A study released last month from Manhattan Research, “Cybercitizen Health ® U.S. 2001,”
http://manhattanresearch.com/News-and-Events/Media-Fact-Sheets/Cybercitizen-Health-US-2011-Study-Highlights which explores digital health trends among U.S. consumers, reaffirms that American consumers are managing their personal health using a variety of online health resources. The study is based on a randomized poll, conducted on the telephone and online, of 8,745 adults age 18 and over. Findings reveal that millions of consumers of all ages are now using the Internet to research health and medical information, many as their first option for health information, even before talking with their physicians.
Important to note in the findings is the marked increase in the number of individuals using wireless devices to access health information. This year Cybercitizen health ® U.S. 2011 revealed that 26 percent of U.S. adults use their mobile phones for health information and health aids. This compares with 12% in 2010 and 9% in 2009, and indicates that wireless devices are a major tool for finding and using health resources. As more mobile health solutions are developed to help people, not only access information, but manage and monitor health issues, these numbers will markedly increase. For example, the study revealed that 8% of consumers used prescription drug refill or reminder services on their mobile phones in 2011, up from 3% in 2010.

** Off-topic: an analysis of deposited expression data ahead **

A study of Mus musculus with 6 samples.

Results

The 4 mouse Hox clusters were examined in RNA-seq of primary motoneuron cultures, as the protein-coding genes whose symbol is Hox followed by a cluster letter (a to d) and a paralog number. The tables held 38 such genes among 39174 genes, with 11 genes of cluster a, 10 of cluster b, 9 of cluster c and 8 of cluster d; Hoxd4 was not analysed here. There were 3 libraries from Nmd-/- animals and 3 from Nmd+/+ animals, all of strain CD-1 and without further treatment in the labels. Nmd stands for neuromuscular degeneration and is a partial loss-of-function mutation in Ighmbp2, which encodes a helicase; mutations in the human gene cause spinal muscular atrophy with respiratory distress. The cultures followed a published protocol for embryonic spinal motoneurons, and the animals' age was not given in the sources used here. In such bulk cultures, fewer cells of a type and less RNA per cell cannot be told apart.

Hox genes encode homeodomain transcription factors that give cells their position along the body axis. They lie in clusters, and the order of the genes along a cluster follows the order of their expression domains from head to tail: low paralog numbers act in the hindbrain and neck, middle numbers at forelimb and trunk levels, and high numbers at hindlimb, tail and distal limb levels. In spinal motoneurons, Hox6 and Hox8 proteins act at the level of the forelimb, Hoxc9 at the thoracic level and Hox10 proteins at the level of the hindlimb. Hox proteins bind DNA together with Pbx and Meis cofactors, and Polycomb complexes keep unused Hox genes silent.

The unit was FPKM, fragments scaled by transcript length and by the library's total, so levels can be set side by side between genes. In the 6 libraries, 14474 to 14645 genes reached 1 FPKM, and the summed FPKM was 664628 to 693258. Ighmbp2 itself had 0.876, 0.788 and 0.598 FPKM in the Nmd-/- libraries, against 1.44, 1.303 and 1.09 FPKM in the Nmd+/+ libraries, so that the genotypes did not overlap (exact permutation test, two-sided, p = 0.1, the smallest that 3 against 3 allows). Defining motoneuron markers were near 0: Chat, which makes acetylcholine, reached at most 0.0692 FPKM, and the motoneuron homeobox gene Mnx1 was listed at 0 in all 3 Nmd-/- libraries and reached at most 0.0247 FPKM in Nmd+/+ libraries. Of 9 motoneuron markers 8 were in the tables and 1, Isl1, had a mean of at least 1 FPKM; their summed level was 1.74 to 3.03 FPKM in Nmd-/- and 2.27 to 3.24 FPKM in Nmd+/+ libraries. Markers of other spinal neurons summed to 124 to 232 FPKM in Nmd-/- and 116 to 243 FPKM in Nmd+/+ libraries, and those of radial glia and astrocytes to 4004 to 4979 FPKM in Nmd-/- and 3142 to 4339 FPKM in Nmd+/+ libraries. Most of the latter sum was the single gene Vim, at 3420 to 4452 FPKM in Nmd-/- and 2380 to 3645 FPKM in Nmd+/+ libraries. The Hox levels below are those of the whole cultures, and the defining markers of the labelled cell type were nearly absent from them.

Cybercitizen Health® U.S. 2011 also found that 56 million consumers accessed their medical information on an electronic health record maintained by their physician and 41 million expressed interest in doing so in the future. There are still a large number of people who are ambivalent toward electronic health records – 140 million consumers, according to this study, have not used and are not interested in accessing medical information on an electronic record. However, the growing numbers of people who are now interested in this access to their electronic record, along with an increased interest and usage among physicians, indicates a sea change in care delivery and patient engagement. Reinforcing the cyber health movement is the fact that increasing numbers of caregivers are using online health information and tools as well.
This significant and comprehensive annual study by Manhattan Research demonstrates the importance of online technology and wireless devices in helping American healthcare consumers become empowered and engaged in their health care and more personally involved in the day to day tasks that will keep them healthy.